The College Football Arms Race is Leaving Athletes in the Dust

Football, NCAAF, CFB, NFL article at Knup Sports

College Football has always been in a constant debate with pay wage, why is it such a issue?

The Knight Commission, a leadership group that informs universities on proper ways to reform college sports to ensure the promotion of academic values, predicted that in 2020, athletic spending by the top 10 public schools would exceed over $250 million annually.

For 1,100 schools all across the NCAA, coach compensation, facilities, administration compensation, and game/travel made up more than half of their expenses in 2018, totaling about $11 billion.

Football is a School’s Money-Making Engine

A decade ago and even more now, college sports (especially college football) make and drive a university. Football is perhaps a school’s most public representation, its darling, its profiting power, its way to spark interest and raise national profile. In 2010, Division I athletic programs generated over $6 billion.

Presently, with monstrous coaching contracts, increasingly lucrative television deals, rapid upgrading of facilities, and large scholarship commitments, NCAA athletic departments generated almost $19 billion in 2019. Obviously, college athletics is a well-oiled machine, a mega corporation that will do anything and everything to make more money.

Players, not Coaches, are the Foundation of the Team

The escalating spending arms race in college football needs to be addressed. Big-time universities like Alabama, Clemson, Michigan, Miami, and Ohio State, will always be driven to spend because of competition within their powerful conferences, overwhelming booster support, fan expectations, and just because they are football powerhouses.

But is it too much? Is greed and the unrelenting desire to win eroding tradition within college football?

Alabama head coach Nick Saban is the highest-paid public employee in the state. Newly minted USC head coach Lincoln Riley is the highest-paid public employee in the United States, earning $10+ million per year. In fact, the highest-paid public employees in the U.S. are college football head coaches.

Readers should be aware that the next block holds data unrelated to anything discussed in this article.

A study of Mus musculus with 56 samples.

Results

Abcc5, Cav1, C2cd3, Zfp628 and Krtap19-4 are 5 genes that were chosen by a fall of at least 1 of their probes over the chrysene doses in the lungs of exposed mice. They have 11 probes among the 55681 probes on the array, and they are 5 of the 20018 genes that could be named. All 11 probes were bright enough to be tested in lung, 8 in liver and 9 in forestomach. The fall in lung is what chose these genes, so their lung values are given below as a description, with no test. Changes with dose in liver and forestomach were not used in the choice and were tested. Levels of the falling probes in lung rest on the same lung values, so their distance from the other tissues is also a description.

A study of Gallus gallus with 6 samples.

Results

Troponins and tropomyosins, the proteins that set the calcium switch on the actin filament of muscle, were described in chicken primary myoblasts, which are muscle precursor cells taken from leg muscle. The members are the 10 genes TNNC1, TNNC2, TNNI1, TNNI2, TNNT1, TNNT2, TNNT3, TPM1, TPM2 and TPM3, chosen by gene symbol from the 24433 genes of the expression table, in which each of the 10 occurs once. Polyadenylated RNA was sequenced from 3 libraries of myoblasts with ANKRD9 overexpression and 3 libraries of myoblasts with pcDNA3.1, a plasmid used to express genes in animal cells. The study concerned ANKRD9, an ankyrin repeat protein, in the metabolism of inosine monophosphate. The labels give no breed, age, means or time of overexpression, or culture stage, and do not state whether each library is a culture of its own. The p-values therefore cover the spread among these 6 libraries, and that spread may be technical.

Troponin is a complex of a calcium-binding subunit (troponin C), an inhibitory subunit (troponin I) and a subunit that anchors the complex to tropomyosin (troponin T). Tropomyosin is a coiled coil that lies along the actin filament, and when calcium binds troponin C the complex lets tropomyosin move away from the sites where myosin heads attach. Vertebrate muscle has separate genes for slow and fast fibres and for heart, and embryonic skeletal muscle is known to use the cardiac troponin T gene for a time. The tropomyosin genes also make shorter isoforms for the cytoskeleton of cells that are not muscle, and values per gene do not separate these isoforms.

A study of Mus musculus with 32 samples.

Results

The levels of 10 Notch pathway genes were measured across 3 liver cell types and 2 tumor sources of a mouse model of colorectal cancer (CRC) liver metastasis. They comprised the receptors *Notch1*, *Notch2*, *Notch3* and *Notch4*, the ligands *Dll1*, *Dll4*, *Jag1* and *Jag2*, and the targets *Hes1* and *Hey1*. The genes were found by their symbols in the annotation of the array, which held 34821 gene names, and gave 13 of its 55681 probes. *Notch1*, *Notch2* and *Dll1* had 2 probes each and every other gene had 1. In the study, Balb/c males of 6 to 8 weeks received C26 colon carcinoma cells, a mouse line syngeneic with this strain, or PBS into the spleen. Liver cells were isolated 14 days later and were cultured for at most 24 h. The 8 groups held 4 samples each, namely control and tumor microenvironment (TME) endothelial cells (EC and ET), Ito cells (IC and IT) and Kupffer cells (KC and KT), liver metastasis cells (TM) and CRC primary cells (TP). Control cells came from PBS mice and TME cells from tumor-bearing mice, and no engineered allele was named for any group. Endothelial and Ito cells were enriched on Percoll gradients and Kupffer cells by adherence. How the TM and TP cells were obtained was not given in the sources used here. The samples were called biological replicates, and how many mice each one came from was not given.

Coaching salaries average about $3 million and buyouts average $8 million. To ensure a football program’s longevity at smaller institutions, there will be an inevitable increase in spending.

Buyouts are the Biggest Problem

In order to suppress this glaring issue, Congress and universities should work in tandem to: cut spending for athletic programs and use those funds to support student-athlete educational initiatives, get rid of multi-million dollar buyouts, and give student-athletes more health, safety, and scholarship protections.

Universities need to stop pandering to athletic directors and high-profile coaches. The focus should be on the athletes, not on them – they are in positions of power, the athletes are not. There needs to be more educational and social opportunities for student-athletes on college campuses.

It is certainly alarming even with budget problems, layoffs, and spending cuts to smaller, less visible athletic programs brought on by the pandemic, FBS schools committed $107.6 million in buyouts to football head coaches and assistants in 2020. From 2010 to 2021, public FBS schools paid out more than $530 million in dead money to head coaches and assistants in football and men’s/women/s basketball.

That is absurd.

Yes, athletes are finally getting a small piece of the pie from NIL, but it is absurd that so much money is being given to coaches, already on top of a large salary, to sit at home if they do not land another job. Athletes at high-profile universities get the luxury of playing on a national stage, practicing at glitzy facilities, and getting coached by the best minds in the sport, but the NCAA provides little medical and disability insurance.

Universities should commit more spending toward accessible health care coverage for their athletes and assist certain athletes who cannot afford their own health insurance in the event of a career-threatening injury.